HBCU family, many of us come from broken homes with only a single parent mother to fend for us or a single parent father trying to raise us upright the best way that he can, living in this country as a black man. Of course, some of us are luckier than others, enjoying the benefits of both parents being in the household, but still struggling to make ends meet.
It is all about perspective.
That is to say, if you come from one of these types of homes you cannot be a victim because of it. You have to know that you are a survivor who has people in your life who wants nothing but the best for you.
This kind of upbringing only made you who you are today and there is no reason to be ashamed of that.
One Morehouse College graduate would agree with me, writing that “This past weekend I was conversing with a friend about work. He stated to me how he desired to be promoted and work with a prominent executive at our company.”
When the black college grad, Chris Sumlin inquired more about what made his friend think that he was qualified for the position, his friend said this:
“They can’t say no to me. I come from nothing, and I’ve made it this far…”
His friend’s response led Sumlin to write an amazing piece titled “Stop Saying You Come From “Nothing” Because Your Parents Aren’t Rich.”
“On the one hand,” Sumlin writes, “I appreciated and understood his confidence. This is a man who has overcome a lot of obstacles and as a result, believes in himself. I think that self-confidence is healthy, and so when he made that statement, I felt where he was coming from. As the conversation continued, he expressed more of his qualifications, and the conversation was pleasant. Unfortunately, after our interaction, I kept replaying his words in my mind. I couldn’t help but ruminate on the idea of “coming from nothing.””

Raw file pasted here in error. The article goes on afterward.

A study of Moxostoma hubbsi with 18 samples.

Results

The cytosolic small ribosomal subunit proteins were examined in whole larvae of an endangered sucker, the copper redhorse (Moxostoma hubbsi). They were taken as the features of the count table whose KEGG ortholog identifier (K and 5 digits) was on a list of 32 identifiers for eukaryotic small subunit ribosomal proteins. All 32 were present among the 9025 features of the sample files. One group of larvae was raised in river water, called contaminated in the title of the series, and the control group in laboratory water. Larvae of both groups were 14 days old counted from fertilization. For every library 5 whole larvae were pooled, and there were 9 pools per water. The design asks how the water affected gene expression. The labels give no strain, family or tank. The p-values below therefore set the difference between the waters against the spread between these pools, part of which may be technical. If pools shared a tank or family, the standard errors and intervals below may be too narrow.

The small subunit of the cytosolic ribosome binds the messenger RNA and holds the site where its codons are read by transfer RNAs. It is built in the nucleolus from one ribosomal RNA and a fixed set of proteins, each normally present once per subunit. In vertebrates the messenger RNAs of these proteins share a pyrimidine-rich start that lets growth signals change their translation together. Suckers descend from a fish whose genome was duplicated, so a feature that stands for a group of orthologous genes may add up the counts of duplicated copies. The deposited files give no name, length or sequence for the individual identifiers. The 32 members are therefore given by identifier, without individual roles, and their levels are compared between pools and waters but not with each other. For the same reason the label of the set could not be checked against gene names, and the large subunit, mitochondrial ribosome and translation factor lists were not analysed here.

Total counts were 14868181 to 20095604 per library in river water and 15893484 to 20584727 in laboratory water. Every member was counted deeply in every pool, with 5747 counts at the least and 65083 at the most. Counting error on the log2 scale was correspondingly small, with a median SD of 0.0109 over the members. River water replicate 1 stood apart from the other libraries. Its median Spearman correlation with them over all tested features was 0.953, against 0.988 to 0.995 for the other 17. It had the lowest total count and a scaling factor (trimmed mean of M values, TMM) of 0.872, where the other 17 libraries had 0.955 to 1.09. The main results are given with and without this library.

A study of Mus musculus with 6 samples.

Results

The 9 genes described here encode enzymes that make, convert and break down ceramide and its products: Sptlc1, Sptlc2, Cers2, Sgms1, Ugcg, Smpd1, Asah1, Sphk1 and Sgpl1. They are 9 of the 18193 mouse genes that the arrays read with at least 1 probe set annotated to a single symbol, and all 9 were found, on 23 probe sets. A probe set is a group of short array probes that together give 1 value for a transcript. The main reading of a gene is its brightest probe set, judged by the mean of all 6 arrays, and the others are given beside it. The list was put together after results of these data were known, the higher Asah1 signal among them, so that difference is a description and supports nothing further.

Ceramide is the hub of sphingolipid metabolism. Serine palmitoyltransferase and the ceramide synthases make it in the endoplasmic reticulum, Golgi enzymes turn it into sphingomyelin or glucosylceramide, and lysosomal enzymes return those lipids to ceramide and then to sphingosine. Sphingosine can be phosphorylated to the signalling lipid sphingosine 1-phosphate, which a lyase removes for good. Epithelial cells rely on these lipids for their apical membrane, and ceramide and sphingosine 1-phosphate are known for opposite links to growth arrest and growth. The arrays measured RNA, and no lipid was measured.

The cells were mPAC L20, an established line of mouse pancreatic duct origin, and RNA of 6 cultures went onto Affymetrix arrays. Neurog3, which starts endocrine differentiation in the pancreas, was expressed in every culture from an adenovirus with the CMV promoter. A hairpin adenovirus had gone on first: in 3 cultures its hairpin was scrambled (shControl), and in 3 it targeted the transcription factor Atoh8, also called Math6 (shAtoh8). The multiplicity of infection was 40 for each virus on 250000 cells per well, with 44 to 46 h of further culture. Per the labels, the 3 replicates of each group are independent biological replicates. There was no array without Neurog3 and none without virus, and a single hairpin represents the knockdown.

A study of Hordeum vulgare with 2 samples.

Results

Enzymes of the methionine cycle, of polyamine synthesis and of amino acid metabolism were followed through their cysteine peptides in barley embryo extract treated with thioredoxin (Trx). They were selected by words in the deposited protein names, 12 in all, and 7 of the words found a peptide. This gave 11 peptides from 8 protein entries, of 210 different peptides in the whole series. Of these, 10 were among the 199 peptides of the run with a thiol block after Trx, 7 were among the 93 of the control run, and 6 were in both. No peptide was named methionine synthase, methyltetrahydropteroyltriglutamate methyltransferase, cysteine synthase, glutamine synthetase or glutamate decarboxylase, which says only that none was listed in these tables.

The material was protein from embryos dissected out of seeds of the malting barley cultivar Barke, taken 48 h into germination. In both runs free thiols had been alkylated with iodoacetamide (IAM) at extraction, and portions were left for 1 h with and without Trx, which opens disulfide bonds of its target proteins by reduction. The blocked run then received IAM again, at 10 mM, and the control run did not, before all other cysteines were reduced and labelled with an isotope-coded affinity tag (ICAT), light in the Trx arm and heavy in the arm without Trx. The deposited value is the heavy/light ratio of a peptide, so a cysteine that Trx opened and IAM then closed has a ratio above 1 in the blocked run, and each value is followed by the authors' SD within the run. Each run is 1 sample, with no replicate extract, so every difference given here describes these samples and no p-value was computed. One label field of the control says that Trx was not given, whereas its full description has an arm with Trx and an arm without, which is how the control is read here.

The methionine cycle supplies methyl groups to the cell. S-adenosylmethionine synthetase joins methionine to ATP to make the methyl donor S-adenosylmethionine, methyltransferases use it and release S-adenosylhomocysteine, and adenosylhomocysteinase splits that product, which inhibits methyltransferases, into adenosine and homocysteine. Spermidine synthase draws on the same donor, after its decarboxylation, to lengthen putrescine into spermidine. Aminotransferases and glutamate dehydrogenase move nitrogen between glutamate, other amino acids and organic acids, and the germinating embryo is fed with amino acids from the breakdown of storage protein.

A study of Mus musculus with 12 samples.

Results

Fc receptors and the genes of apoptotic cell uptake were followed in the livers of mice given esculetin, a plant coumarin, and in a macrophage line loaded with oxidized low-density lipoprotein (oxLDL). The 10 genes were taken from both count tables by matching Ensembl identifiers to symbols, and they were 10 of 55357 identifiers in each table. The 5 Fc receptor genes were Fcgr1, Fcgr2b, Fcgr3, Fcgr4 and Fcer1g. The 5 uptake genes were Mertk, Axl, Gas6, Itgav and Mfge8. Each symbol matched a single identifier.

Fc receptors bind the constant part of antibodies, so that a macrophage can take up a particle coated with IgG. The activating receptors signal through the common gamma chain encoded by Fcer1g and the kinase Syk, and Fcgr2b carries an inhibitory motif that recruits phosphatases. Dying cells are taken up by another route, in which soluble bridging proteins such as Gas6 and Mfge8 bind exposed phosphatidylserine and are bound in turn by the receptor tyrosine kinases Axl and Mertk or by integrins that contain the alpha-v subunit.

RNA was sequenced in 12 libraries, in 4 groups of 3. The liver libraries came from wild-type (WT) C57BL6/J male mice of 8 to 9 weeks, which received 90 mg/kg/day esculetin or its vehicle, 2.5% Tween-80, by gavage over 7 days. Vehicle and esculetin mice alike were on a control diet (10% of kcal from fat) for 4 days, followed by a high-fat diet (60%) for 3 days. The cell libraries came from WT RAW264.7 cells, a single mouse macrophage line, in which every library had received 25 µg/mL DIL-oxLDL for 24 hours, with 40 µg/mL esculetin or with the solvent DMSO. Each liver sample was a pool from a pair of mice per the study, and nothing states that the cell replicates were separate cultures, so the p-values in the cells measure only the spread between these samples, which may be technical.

He continued, “As a first-generation college graduate, I get it. I have often muttered those same exact words in conversations, in speeches, and even job interviews. I understand what my friend was saying when he made those remarks. As I often do after discussions with friends, I began to ask myself some deep questions.”
Sumlin later admitted to being guilty of using this negative phrase himself, challenging him to think more of his own upbringing, not just revisiting bad experiences but more so remembering the good times and how his earlier memories of childhood helped to shape him up to be the man he is today.
He writes, “As much as I remember boiling water for a hot bath, and eating beans and hot dogs for dinner, I learned so much about living on faith. My parents taught me so much about trusting God and being optimistic by example. There were moments when our lights would be caught off, and my Dad would make jokes, and we would reminisce about funny church stories. I’ve grown to become a man who can smile no matter what the obstacle because of how I saw my parents act when we faced hardships. No matter what, I always have a sense of groundedness because of my experience as a young child.”